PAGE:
I Am Woman, Hear Me Rap

“What are you, a feminazi?” Florida comedian Suzanne Willet’s answer, in the form of a solo-performance piece, is a resounding yes. Dressed in black, wielding a riding crop, and speaking in a cartoonish German accent, the title character of The Feminazi is a personification of the misogynist term. It’s a neat tactic of reclamation, if not always a successfully comedic one.

At the Players Theater in the Village through May fourth, The Feminazi flanks its title character with three women, all portrayed by Willet: Fran (“the older woman”), Sarah ("the middle class white female”), and the Virgin Mary(“a Jewish mother”). Each of the characters struggles with a unique feminist issue: maintaining cultural visibility (Fran), balancing family and career (Sarah), questioning how to best raise a child (Virgin Mary). In keeping with the conventions of solo performance, each character lives in a different area of the stage, with shifts in lighting, designed by Janna Mattioli, separating the scenes.

Of the four characters, only the Virgin Mary addresses the audience in direct-confessional style, alternating between motherly boastfulness over her son’s successes and anxious concern over his struggles. Willet imbues the Virgin’s scenes with large doses of sweetly amusing anachronism that grow tiresome over the duration of the performance.

In contrast to the Virgin Mary’s direct address, Sarah and Fran’s scenes are consciously performative musical acts. Sarah’s scenes take place at a series of singer-songwriter open mic nights that span her college days through her arrival at middle age; Fran’ scenes are set at a rally in Florida, where she endeavors to bring visibility to the plight of older women in America through motivational speeches and rap music. Filled with impassioned rage, Fran serves as an interesting counterpoint to Sarah, whose tentative complaints (“I'm a middle class white female/ I smile when I hear crap”) form the heart of her music.

With both women, Willet has given herself a challenge: characters who love to sing their hearts out, despite the fact that the size of their hearts is considerably greater than breadth of their musical abilities. It’s clear that Willet loves these characters, and even at their goofiest – or especially then – treats them with the utmost respect. She belts out Fran’s fiery bad rhymes (“that Coldwater Creek/ Prints that make you freak/ And hey, LL Bean/ Drop the aquamarine”) with abandon. At best, the absurdity of their music, and the painstaking intensity with which they perform it, is itself entertaining. One imagines these are women with YouTube followings.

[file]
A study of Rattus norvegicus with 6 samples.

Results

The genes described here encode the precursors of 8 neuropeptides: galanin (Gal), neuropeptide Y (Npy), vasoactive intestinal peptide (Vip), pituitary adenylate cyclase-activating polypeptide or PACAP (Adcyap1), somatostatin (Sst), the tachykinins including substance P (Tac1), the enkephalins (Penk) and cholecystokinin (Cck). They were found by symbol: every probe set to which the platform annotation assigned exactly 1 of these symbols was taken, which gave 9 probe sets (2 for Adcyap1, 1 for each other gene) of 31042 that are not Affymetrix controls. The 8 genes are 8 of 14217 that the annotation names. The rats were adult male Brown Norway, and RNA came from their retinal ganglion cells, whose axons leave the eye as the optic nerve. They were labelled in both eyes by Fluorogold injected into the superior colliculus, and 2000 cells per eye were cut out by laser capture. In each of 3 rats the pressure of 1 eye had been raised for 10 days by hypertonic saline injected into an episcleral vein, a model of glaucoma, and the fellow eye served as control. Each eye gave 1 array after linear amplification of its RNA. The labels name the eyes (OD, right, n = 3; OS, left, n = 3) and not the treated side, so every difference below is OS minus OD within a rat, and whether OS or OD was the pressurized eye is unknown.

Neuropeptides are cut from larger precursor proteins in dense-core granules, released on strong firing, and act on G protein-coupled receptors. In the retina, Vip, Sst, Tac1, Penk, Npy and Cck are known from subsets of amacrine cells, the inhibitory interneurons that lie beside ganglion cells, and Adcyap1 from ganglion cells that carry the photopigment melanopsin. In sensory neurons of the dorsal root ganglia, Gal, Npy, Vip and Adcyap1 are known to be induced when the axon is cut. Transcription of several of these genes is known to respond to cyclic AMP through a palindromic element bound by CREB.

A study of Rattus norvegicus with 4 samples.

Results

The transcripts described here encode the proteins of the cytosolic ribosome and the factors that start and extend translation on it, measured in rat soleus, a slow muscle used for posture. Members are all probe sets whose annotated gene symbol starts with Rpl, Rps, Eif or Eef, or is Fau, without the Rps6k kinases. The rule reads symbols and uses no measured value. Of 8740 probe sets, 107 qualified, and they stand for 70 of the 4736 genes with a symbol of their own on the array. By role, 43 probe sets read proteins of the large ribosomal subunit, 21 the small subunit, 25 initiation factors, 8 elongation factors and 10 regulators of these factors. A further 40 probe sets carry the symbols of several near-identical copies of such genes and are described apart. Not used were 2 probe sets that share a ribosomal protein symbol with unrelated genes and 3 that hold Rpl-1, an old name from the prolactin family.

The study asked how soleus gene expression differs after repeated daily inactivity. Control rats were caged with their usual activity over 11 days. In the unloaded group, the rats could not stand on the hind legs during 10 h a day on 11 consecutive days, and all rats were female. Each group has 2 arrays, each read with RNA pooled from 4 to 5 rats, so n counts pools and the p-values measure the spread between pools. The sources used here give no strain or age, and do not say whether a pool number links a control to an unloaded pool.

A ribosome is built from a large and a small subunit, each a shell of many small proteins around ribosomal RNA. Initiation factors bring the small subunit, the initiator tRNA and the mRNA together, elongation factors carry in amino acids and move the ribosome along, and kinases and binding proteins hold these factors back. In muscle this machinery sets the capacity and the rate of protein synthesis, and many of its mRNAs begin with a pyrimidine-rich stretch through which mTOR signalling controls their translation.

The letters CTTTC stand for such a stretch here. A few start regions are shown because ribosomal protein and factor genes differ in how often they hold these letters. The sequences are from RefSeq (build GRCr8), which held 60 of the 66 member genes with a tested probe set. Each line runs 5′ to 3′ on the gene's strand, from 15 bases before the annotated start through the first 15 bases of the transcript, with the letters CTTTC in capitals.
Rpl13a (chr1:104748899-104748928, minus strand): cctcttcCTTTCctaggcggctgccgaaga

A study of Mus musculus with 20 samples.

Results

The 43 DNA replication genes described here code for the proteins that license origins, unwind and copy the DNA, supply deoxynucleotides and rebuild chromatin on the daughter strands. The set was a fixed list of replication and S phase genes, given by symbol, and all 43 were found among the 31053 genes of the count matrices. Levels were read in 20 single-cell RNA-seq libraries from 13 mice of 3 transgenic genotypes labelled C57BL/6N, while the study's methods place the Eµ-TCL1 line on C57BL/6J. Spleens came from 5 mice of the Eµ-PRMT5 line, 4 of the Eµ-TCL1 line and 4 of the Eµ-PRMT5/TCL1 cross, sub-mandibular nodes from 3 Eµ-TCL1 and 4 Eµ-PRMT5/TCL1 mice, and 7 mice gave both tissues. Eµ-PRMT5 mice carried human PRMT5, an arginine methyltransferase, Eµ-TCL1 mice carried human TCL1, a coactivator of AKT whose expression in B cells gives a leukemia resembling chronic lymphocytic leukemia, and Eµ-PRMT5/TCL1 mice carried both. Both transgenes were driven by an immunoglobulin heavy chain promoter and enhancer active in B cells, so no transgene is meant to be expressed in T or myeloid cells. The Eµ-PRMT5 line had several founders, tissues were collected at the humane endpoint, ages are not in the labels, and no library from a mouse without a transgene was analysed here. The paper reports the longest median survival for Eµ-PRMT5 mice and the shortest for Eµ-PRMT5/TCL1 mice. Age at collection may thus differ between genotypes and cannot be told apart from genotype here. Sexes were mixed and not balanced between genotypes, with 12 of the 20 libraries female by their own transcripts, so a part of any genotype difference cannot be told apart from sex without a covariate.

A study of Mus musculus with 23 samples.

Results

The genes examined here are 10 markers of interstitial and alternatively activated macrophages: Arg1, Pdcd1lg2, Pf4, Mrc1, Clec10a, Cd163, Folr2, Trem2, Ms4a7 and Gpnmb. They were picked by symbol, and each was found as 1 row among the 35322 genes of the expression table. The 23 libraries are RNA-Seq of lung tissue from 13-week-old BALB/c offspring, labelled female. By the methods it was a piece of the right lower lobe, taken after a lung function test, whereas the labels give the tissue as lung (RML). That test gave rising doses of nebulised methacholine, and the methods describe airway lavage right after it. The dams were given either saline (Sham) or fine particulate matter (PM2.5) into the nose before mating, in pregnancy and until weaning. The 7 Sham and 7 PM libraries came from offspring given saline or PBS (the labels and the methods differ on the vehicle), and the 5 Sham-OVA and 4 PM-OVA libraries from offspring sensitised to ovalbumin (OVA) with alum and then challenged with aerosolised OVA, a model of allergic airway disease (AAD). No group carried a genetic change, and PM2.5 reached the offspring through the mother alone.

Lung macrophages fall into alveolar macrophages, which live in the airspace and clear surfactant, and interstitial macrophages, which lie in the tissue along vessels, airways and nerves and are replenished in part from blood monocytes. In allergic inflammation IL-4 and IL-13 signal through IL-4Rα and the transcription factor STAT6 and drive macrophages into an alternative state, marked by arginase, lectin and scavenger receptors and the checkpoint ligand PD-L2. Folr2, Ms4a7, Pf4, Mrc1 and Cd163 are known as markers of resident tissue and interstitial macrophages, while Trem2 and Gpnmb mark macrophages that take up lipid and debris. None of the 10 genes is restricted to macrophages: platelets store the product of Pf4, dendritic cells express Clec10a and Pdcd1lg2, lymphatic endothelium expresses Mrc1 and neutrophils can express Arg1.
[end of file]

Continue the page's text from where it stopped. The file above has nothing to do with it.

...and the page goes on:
Of course, YouTube clips last only a few minutes. Even with Sarah’s maturing into motherhood and Fran’s struggles to persevere in the face of adversity, their stories, as told through their music, rarely feel worthy of full-length performance. Nor, unfortunately, does the Feminazi herself, as she goes about her mission instructing the audience in the disenfranchised state of women and purports to suss out and condemn “sexist pigs.”

Along the way, the Feminazi treats audiences to a humorously angry deconstruction of Snow White (“Even if you are small, if you are a white male, you will still be the power structure of the story!”) and a tamely phallic consumption of a banana: techniques as tired, oversimplified and silly as the notion of a feminazi itself.

At just eighty minutes, the production feels long: each of the characters would benefit from more concise scenes. Still, moments of the production are bound to delight. All of the women Willet portrays possess an endearing earnestness and a goofy form of self-expression that make them hard not to like.

Audiences will be particularly engaged in the Feminazi’s scenes, which utilize a lot of audience interaction. Yet ultimately her audience affects her more deeply than she affects it: by the end of the performance, the Feminazi is openly flirting with a male audience member. That abrupt shift feels artificial and unneeded. Instead, it would be a welcome change if Willet allowed the Feminazi to contemplate the space that exists between the wild extremes of man-hating fury and school-girlish crushes: to stop talking about feminazis and start talking about feminism.